Indian Army honours Maj Ralengnao Khathing with bust at Yangste

In a significant move, the Indian Army’s Gajraj Corps unveiled a bust of Major Ralengnao ‘Bob’ Khathing at Yangste in the Tawang Sector of Arunachal Pradesh on Friday. This is close to where a scuffle between Indian Army soldiers and personnel of China’s People’s Liberation Army (PLA) occurred on December 9.

According to a tweet by the Tezpur-based Gajraj or IV Corps under the Army’s Eastern Command, the bust was unveiled at an altitude of 16,000 feet by Corps commander Lt Gen DS Rana.

Few people know of Maj Khathing – India’s first diplomat from the tribal community. It was in 1950 that Maj Khathing, then in charge of the North East Frontier Agency (NEFA), took over the Tawang region and the Bum La area and formally incorporated them with India. NEFA is what Arunachal Pradesh was called at that time.

China, however, continues to maintain that Arunachal Pradesh is South Tibet and part of its territory, despite the McMahon Line (the Line of Actual Control) that demarcates the boundary between the two countries.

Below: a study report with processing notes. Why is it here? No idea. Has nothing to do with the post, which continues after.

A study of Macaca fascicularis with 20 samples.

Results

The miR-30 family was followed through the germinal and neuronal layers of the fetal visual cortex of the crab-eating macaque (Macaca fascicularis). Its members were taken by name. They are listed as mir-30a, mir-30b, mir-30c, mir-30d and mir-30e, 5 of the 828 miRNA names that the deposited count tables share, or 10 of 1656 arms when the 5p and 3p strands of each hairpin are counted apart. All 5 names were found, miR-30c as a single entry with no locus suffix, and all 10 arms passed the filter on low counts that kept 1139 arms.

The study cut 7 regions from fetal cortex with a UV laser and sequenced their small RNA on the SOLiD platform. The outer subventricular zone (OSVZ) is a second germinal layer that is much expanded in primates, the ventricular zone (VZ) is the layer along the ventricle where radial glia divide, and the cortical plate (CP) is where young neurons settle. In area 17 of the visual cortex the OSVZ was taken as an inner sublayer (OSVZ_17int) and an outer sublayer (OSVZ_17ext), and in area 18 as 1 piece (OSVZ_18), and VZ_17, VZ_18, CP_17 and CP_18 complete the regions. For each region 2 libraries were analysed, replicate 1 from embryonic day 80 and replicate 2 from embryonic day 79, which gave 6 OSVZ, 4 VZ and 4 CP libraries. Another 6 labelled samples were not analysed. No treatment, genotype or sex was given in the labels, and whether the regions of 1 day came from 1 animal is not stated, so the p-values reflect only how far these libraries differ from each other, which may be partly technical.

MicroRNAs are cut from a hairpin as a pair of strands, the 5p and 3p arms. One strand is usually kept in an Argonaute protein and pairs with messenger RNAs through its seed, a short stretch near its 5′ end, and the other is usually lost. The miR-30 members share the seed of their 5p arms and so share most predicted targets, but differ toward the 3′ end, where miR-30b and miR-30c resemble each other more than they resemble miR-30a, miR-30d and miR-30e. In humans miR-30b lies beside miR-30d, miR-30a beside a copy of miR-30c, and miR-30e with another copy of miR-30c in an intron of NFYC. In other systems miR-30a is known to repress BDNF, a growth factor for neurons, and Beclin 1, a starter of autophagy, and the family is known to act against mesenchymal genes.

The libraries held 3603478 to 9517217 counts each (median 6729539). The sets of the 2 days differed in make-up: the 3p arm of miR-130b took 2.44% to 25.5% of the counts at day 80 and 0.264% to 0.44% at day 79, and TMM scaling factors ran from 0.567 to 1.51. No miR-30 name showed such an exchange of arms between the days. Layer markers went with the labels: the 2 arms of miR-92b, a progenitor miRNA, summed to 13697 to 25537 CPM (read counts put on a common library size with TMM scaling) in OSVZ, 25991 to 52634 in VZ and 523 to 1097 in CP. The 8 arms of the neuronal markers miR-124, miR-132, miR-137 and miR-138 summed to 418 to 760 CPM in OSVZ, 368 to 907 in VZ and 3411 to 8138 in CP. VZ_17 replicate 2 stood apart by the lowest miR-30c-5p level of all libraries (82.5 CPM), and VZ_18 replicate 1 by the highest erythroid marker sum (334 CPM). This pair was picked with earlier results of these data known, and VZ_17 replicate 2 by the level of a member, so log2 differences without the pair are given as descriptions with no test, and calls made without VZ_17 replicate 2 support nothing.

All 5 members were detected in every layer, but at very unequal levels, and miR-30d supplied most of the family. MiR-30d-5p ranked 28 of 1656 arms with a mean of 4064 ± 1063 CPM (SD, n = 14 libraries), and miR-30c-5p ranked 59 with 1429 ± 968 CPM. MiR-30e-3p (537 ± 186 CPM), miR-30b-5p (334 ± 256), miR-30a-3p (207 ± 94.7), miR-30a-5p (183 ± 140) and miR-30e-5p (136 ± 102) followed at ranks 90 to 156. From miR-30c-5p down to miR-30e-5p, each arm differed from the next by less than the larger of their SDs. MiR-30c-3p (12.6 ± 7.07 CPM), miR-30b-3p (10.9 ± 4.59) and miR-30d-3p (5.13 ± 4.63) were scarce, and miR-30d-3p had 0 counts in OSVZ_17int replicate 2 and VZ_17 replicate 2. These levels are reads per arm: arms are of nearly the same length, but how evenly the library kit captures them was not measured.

“This may be a symbolic gesture but it has great significance. It will remind China that Arunachal Pradesh ceded with India by choice and not through the use of force. Hindi is the language spoken in Arunachal Pradesh and it is the second language taught in schools. Residents of the state are immensely patriotic and deny that the cultures or traditions of any of their tribes have any links to the country across the LAC. In fact, it is the only state in the northeastern part of India that has adopted Hindi as a means of communication,” a former diplomat based in Kolkata said.

Maj Khathing was born in Ukhrul, Manipur, in 1912. After completing his graduation from Cotton College, Guwahati, as the first tribal from Manipur to do so, he joined the British Army.

After serving in World War II, he worked for the erstwhile government of Manipur (before the state’s assimilation into the Indian Union).

He then took over as assistant commandant of the 2nd Battalion of the Assam Rifles before being appointed the assistant political officer of NEFA. It was then that Maj Khathing took administrative control of Tawang and Bum La.

He was security commissioner of NEFA during the 1962 Sino-India War. He also served as the Chief Civil Liaison Officer of the IV Corps (Gajraj Corps) and was instrumental in the birth of the Sashastra Seema Bal (SSB).

In 1972, he was appointed Indian Ambassador to Myanmar (then Burma). He became the first person from the tribal community to become an Ambassador.

He was honoured with the Padma Shri by the Government of India. Maj Khathing passed away at Mantripukhri, Manipur in 1990.